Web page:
No applications for Jackson Tourism Capital Project Fund

The Jackson County Tourism Development Authority created its own Tourism Capital Project Fund  this year. However, when the deadline came around for the first cycle of funding on Aug. 1, no applications had been submitted.

The Tourism Capital Project Fund’s purpose is to “provide leveraged investment in tourism projects that will increase visitation and attendant spending and overall economic impact for Jackson County.”

This allows a process through which stakeholders in the county can apply for money generated through tourism, by way of a room tax, to fund projects that improve the county for residents and tourists alike. By funding capital projects, tourism bureaus increase the demand for accommodations, local spending and visitor satisfaction, thereby bringing more money into a county. 

According to the TDA, “the Tourism Capital Project Fund offers a level of financial support to create sustainable tourism development activities at the local level that maintain and/or create jobs, attract tourists, and enhance the visit experience.”

Capital projects include things like convention and conference centers; arenas and stadiums; sports facilities; performing arts venues; museums; parks; greenways; trails; public art; visitors centers and wayfinding signs. 

Up for grabs this cycle was $500,000 which the TDA had allocated for the TCPF during fiscal year 2021-22. Because applications for the funds were not due until Aug. 1, that $500,000 was rolled over into fiscal year 2022-23. An additional $250,000 is being allocated this year for a total of $750,000 available in fiscal year 2022-23 for capital projects through the tourism fund.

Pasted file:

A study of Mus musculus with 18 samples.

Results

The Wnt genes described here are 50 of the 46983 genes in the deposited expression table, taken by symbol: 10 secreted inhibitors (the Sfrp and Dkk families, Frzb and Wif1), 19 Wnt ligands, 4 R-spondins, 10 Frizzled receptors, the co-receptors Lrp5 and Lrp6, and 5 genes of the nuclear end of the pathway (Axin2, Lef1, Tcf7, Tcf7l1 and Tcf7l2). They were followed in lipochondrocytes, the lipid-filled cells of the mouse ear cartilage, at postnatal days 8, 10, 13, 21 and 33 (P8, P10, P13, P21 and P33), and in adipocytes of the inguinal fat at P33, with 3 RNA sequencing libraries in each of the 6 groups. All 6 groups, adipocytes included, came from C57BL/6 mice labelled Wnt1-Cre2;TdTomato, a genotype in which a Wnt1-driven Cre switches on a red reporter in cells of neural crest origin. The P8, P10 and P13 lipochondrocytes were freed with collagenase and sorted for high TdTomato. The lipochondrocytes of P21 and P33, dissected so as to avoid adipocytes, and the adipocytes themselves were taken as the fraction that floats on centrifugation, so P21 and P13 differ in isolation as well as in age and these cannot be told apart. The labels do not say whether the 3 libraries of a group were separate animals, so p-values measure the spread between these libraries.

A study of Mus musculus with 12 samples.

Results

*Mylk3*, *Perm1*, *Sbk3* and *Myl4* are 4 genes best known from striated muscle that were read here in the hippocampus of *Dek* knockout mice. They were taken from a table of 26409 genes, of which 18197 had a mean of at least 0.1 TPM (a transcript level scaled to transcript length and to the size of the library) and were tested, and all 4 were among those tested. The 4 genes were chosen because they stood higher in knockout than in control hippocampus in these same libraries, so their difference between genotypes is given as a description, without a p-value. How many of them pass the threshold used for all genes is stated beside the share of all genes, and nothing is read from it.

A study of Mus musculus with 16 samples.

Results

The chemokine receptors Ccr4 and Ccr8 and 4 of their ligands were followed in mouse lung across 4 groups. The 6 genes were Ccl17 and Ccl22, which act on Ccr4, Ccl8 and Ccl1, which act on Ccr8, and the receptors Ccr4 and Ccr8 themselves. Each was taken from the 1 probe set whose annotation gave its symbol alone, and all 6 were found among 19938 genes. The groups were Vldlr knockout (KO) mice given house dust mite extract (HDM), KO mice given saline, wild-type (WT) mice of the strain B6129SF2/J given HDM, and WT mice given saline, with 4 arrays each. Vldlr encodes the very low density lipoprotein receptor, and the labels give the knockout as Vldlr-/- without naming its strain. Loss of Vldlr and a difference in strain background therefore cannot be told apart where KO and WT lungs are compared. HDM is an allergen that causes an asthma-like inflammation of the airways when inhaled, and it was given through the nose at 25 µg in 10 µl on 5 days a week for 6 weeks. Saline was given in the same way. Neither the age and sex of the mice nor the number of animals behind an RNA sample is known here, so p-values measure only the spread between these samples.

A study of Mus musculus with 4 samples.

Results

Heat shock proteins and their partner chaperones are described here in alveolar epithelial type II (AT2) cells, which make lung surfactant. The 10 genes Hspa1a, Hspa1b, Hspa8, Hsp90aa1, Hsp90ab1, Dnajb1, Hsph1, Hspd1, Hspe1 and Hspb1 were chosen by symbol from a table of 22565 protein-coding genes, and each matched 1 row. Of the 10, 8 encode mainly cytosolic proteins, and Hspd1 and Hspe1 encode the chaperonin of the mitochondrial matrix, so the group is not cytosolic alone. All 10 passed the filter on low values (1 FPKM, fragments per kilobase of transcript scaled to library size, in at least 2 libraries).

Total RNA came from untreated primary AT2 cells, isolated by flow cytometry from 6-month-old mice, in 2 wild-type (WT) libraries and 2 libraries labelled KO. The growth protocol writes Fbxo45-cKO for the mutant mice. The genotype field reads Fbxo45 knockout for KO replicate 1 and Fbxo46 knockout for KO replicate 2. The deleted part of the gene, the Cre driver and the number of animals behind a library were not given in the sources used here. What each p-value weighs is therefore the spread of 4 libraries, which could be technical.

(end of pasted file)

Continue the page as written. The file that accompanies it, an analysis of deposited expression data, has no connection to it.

“We’d like to see this program continue to grow,” Breedlove told the county commission back in February. “We will scrutinize these projects to make sure they are really good fits, not just that we use up that pot of money. So if there is money left over from this fiscal year, we will roll it into next fiscal year.”

Future fiscal year allocations will depend on anticipated occupancy tax collections. 

According to Breedlove, while there was interest in applying for the funds this cycle, several parties said that applying next year would be more feasible. 

Earlier in the year, when the application and process for the Tourism Capital Project Fund was presented to the Jackson County Commission, Commissioner Gayle Woody asked Breedlove whether or not the county would be able to apply for funds. Breedlove told the commission that the county would be eligible to apply for funds, with the appropriate county department acting as the applicant. 

In Haywood County, the Tourism Capital Project Fund  application deadline ended on April 29, and nine applications were received from local municipalities and Lake Junaluska. The Haywood TDA had allocated $500,000 for the fund and awarded that money to five out of nine projects that submitted applications for the funds.